Depression affects nearly 15 million American adults, or roughly 7 percent of the U.S. population age 18 and older, every year. However, it still stands as one of the most misunderstood mental conditions.
We explore some of the myths surrounding suicide and its symptoms:
1. Depression is a sign of weakness
Truth: Weakness is often associated with depression, but it shouldn't be. People don't choose to become depressed. Instead, they often develop the condition because of biological, sociological and psychological conditions and reasons.
2. Depression is just being sad
Truth: Depression isn't just sadness. It's a serious medical condition that can cause a person to feel extreme irritability, anxiety, restlessness, anger and have thoughts of death or suicide. They may also feel more lethargic and their body may hurt for a long period of time.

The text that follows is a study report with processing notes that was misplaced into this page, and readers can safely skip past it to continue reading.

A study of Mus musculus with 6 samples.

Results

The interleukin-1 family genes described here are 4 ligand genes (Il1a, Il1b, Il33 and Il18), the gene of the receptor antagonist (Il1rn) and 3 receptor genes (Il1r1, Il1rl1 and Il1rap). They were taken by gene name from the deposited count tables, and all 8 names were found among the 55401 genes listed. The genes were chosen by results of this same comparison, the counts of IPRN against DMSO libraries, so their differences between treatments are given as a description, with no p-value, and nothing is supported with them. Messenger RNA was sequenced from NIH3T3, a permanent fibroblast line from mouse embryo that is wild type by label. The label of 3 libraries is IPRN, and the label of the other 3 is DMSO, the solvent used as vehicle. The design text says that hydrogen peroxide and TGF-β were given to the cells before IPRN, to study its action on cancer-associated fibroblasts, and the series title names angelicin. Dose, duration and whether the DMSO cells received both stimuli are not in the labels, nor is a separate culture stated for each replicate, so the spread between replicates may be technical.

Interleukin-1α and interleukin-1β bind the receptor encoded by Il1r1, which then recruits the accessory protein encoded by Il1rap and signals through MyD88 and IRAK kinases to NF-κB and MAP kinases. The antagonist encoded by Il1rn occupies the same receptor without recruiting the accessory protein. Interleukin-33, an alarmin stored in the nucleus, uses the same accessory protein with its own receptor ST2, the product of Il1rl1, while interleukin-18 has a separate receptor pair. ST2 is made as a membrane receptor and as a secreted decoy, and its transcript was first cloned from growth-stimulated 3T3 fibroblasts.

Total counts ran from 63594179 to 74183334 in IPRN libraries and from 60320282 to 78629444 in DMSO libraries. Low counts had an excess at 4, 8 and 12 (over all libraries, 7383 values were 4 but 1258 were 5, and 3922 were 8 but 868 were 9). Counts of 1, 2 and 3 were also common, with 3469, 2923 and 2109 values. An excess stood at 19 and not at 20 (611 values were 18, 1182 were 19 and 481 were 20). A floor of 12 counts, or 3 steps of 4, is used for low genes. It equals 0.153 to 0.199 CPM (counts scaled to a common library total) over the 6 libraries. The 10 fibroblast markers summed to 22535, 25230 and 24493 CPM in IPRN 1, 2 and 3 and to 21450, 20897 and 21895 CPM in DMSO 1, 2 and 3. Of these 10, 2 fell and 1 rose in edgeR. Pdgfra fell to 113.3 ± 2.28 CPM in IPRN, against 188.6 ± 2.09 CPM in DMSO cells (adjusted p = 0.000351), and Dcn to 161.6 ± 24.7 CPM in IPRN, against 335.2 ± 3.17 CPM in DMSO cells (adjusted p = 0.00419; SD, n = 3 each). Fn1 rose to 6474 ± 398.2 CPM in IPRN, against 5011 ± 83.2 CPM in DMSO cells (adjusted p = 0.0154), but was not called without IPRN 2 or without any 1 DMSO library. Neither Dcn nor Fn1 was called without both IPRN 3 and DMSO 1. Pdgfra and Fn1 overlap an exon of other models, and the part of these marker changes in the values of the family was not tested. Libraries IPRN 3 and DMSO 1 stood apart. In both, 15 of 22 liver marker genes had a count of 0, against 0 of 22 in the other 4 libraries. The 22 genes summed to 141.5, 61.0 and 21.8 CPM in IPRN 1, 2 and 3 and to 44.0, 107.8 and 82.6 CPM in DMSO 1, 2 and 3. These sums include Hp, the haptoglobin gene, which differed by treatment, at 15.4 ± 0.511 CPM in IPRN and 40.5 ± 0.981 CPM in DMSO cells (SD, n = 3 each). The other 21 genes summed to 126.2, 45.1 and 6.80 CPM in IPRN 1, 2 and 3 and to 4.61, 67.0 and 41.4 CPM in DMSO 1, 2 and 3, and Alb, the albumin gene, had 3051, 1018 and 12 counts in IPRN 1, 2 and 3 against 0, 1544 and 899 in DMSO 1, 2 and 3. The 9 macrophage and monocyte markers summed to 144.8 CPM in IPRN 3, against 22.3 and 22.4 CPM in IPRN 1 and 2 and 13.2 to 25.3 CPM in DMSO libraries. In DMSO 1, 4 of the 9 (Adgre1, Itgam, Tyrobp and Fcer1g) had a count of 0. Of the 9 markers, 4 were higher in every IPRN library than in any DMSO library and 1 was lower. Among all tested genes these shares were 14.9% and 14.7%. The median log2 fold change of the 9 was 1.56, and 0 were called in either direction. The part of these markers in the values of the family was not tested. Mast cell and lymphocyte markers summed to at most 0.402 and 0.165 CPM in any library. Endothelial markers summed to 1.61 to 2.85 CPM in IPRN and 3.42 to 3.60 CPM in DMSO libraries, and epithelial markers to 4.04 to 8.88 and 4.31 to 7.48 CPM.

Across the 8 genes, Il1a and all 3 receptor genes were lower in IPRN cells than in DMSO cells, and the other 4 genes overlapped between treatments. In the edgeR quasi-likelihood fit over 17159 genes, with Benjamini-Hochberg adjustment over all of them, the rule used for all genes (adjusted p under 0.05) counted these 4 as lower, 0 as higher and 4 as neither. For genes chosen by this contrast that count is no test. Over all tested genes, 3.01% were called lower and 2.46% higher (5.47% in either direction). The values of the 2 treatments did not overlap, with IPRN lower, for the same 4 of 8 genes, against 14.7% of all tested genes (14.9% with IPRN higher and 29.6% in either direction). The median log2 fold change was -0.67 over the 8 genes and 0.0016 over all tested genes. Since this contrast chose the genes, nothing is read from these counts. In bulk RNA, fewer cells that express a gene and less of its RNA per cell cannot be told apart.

When someone is sad, he or she usually feels down for a relatively short period of time. Victims don't have extreme behavioral swings and usually don't have thoughts of suicide and no physical changes.
3. Suicide rates don't peak during the holidays
Truth: Despite contrary belief, suicide rates actually peak during the spring and not the holidays. This myth has been around for awhile, but the truth has been around possibly even longer. In the 1820s doctors first noticed that suicide rates spiked when the temperatures warmed up. Still, doctors aren't sure why this happens, but believe it could be something to do with socio-demographic factors people see less and do less in the winter, which gives them less reason to commit suicide.
Founded 25 years ago by Dr. M.K. (Khal) El-Yousef, Fairwinds Treatment Center uses a Dual Diagnosis method to treat patients with depression and other health issues. Dual Diagnosis combines clinical treatment and therapeutic counseling to identify the underlying reasons for depression and resolve these psychological triggers.